Pubdate: Fri, 09 Mar 2018
Source: Toronto Sun (CN ON)
Copyright: 2018 Canoe Limited Partnership
Author: Mark Bonokoski
Page: 9


Same tribe, different mindsets.

On Tyendinaga Mohawk Territory on the shores of Lake Ontario, dead
centre between Toronto and Montreal, there are more than 20 pot
dispensaries and at least 30 smoke shacks selling cheap cigarettes.

The population of Tyendinaga is 2,124.

Do the math.

At the Six Nations Mohawk Territory, however, the largest First
Nations reserve in Canada with a population of 12,000-plus living on
the reserve, there is a huge sign on the main highway indicating zero
tolerance to illicit drugs.

Therefore, not a single pot dispensary exists on Six Nations, but
upwards of 80 smoke shacks compete for business.

That will undoubtedly change when pot becomes legal, but a leader on
First Nations finances is not prepared to roll the dice and hope the
Trudeau Liberals will give them a fair share of the pot jackpot.

Manny Jules, chief commissioner of the First Nations Tax Commission,
wants the Liberals to amend Bill C-45 to give First Nations
governments unfettered taxing authority over cannabis grown and sold
on their reserves.

If the Liberals suddenly got smart, they would see this as opportunity
knocking, and the chance to exert some financial control on lands
where revenuers and police, both the RCMP and Ontario provincial
forces, dare not tread over fear of provoking another Oka, Ipperwash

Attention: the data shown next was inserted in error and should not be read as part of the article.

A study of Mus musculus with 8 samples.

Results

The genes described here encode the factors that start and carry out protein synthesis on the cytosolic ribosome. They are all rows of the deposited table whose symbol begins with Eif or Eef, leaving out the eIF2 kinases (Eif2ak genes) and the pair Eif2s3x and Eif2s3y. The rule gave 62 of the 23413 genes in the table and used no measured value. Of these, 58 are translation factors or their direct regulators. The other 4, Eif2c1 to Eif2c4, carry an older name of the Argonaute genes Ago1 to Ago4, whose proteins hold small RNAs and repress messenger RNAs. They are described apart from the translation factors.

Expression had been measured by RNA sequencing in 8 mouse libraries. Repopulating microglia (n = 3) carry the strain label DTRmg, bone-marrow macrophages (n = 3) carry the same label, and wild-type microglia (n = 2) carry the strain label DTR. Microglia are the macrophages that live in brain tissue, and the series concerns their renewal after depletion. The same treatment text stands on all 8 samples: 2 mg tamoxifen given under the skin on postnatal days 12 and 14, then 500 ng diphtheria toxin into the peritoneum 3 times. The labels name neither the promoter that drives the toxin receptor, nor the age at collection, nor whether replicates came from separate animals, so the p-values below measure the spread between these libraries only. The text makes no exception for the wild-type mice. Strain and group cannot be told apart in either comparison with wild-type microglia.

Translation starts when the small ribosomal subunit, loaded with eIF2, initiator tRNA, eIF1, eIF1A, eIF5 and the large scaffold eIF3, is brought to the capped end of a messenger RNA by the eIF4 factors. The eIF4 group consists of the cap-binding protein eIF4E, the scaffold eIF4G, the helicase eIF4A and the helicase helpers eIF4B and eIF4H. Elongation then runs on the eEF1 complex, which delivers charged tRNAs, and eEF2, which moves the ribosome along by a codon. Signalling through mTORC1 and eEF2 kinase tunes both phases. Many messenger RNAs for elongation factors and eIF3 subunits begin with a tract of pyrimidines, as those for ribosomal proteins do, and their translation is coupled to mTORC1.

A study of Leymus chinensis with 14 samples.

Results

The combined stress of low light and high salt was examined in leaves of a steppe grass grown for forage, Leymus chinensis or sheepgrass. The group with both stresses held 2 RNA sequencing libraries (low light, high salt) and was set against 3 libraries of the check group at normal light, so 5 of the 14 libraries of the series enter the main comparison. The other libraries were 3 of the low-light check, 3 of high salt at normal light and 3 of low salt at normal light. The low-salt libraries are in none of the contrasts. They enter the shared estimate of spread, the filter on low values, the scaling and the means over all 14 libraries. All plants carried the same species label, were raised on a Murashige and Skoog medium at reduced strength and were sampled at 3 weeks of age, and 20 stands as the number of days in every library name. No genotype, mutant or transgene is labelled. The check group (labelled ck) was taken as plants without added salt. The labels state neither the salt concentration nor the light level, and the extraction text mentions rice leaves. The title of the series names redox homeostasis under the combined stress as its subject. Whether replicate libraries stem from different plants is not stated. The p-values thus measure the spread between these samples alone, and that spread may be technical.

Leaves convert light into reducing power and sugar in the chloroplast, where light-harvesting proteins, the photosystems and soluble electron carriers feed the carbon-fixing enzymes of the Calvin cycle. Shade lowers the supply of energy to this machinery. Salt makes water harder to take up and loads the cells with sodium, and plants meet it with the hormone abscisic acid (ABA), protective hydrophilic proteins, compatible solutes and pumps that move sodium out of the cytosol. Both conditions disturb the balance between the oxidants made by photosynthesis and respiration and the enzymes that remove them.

or Caledonia.

They should grant First Nations their wish, but with firm

Among Canada's 600-plus reserves, for example, a full third have
medium to high-risk drinking water situations.

This could be rectified if some of the taxes collected from cannabis
sales, on reserve and off, was dedicated to speeding up the building
and upgrading of water treatment centres.

A constant complaint among First Nations is the appalling housing
conditions on so many reserves, the paucity of schools and the lack of
professional health-care personnel and facilities.

A dedicated portion of the pot tax for First Nations could help
address many of these ills.

The feds, and the province of Ontario - the epicentre for the
manufacturing of Native cigarettes - have already lost control of the
contraband cigarette market.

The moment a Native-produced cigarette leaves a reserve, for example,
it immediately becomes illegal.

But ordinary smokers and contraband traffickers are flocking to these
reserves in such numbers that experts say the tax revenues lost each
year are upwards of a billion dollars.

Price point is the key. A carton of 200 legal cigarettes purchased at
a convenience store is upwards of $115 because 70% of the retail cost
is federal and provincial sin taxes.

A baggie of 200 loosely-packed smokes, meanwhile, free of all
taxation, sells on reserves for as little as $10.

The sin is the criminality of having them, and it is only going to get
worse when the plain-packaging of cigarettes becomes law, and no one
can easily tell which product is legal.

The Trudeau Liberals have already cut a deal with the provinces on how
the excise duty on legal marijuana will be divvied up. It will be a
75-25 split, with the province getting the lion's share because of the
costs of setting up the infrastructure and the costs of policing once
pot becomes legal.

Manny Jules, the First Nations chief taxman, says First Nations will
have to incur similar costs without the quid pro quo of financial gain.

He even cited contraband tobacco as an example of what can go wrong
without proper oversight and an "orderly approach."

"Where there is no law, you're going to have problems," Jules told the
CBC, stating the pot legislation as it stands is already a "dog's
breakfast" because his people were never consulted.

Cigarettes and marijuana.

Different smoke, same cockup-in-waiting.